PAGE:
Painful Knee Osteoarthritis Suggests Early Mortality in Women

The pain that typically accompanies osteoarthritis may be associated with excess mortality among middle-aged women, British scientists reported.

The pain that typically accompanies osteoarthritis may be associated with excess mortality among middle-aged women, British scientists reported.

Lead Author Stefan Kluzek, MRCP, DipSEM, MSc, and colleagues compared the mortality rate of women who had painful knee or hand osteoarthritis to those without the disease.The team acquired data that suggests that there is a correlation between knee pain and cardiovascular issues.

The study, presented at the World Congress on Osteoporosis, Osteoarthritis and Musculoskeletal Diseases on March 28, was based on information from the Chingford Study. The authors followed the middle-aged women for 24 years in order to find a link between knee and hand pain (with or without radiographic osteoarthritis) and early overall and disease caused mortality.

“Knee and hand symptoms, radiographic changes, majority of known cardiovascular risk factors and overall, cardiovascular, and cancer-related mortality were assessed based on study follow-up in 2014 and data from all available death certificates at this point,” the authors wrote.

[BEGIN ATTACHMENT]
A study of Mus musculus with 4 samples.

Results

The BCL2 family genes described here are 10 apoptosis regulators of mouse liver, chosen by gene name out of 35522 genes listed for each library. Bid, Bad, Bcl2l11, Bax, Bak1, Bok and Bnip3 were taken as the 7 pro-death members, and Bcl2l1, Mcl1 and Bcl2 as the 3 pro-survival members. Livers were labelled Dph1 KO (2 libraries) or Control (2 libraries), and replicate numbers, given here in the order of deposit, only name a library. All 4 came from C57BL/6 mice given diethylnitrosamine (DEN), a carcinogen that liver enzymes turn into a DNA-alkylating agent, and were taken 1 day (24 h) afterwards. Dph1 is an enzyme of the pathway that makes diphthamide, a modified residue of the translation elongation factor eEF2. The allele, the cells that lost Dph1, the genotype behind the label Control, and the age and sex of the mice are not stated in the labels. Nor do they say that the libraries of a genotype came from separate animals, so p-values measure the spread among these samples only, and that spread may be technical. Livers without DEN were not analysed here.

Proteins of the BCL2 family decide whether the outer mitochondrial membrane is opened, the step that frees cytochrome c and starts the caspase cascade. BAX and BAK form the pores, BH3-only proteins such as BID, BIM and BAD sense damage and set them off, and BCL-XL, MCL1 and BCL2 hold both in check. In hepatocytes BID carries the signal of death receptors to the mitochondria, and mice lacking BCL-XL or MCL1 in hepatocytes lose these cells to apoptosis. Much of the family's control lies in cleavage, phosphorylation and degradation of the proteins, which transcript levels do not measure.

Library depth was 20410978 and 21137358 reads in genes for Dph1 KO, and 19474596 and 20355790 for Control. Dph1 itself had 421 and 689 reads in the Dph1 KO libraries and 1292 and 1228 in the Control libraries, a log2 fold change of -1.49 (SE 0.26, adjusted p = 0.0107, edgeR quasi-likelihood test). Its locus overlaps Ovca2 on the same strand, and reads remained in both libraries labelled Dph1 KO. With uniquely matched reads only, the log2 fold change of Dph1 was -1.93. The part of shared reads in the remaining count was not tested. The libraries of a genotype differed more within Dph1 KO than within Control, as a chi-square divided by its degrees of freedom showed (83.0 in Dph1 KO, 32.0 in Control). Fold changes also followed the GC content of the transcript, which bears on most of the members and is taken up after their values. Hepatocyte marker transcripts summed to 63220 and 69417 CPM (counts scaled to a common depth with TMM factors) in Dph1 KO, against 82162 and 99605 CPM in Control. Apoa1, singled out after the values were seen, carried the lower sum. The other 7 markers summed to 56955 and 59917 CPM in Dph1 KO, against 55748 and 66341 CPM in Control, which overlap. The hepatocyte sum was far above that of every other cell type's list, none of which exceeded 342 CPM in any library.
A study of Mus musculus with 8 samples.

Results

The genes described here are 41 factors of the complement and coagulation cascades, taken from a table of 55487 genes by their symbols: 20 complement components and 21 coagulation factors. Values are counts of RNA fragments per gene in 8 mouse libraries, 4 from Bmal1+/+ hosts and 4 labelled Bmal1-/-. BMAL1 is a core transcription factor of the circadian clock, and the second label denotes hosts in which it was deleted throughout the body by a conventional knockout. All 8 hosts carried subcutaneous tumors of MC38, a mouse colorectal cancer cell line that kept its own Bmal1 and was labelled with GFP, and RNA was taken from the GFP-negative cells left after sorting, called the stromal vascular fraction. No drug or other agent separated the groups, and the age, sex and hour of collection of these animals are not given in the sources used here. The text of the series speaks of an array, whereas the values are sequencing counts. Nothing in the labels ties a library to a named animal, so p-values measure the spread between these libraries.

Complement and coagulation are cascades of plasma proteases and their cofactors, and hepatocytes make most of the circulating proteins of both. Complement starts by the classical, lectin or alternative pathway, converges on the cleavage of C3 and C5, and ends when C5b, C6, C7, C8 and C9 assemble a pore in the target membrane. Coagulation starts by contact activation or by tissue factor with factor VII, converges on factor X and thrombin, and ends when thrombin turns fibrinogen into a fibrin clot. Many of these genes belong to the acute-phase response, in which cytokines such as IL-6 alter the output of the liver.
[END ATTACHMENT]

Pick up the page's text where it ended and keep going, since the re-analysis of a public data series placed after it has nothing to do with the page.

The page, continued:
With the average follow-up being 22 years, it was found that there was an almost 2-fold increase risk of overall mortality for women with knee pain and radiographic osteoarthritis when compared to those without either. The cardiovascular mortality risk came in at an over 3-fold increase.

The researchers found no connection between hand osteoarthritis and excess mortality risk.

"These findings suggest that any self-reported knee pain in osteoarthritis, as opposed to hand pain, seems to be a crucial factor leading to early cardiovascular mortality and is likely to be linked with decreased mobility,” Kluzek said in a news release.

It was concluded that women with painful knee osteoarthritis had a higher risk of early death.

“Radiographic osteoarthritis without pain is not affecting long-term mortality,” Kluzek said. “More research is needed to understand how people adapt to knee pain, and how this leads to cardiovascular impairment."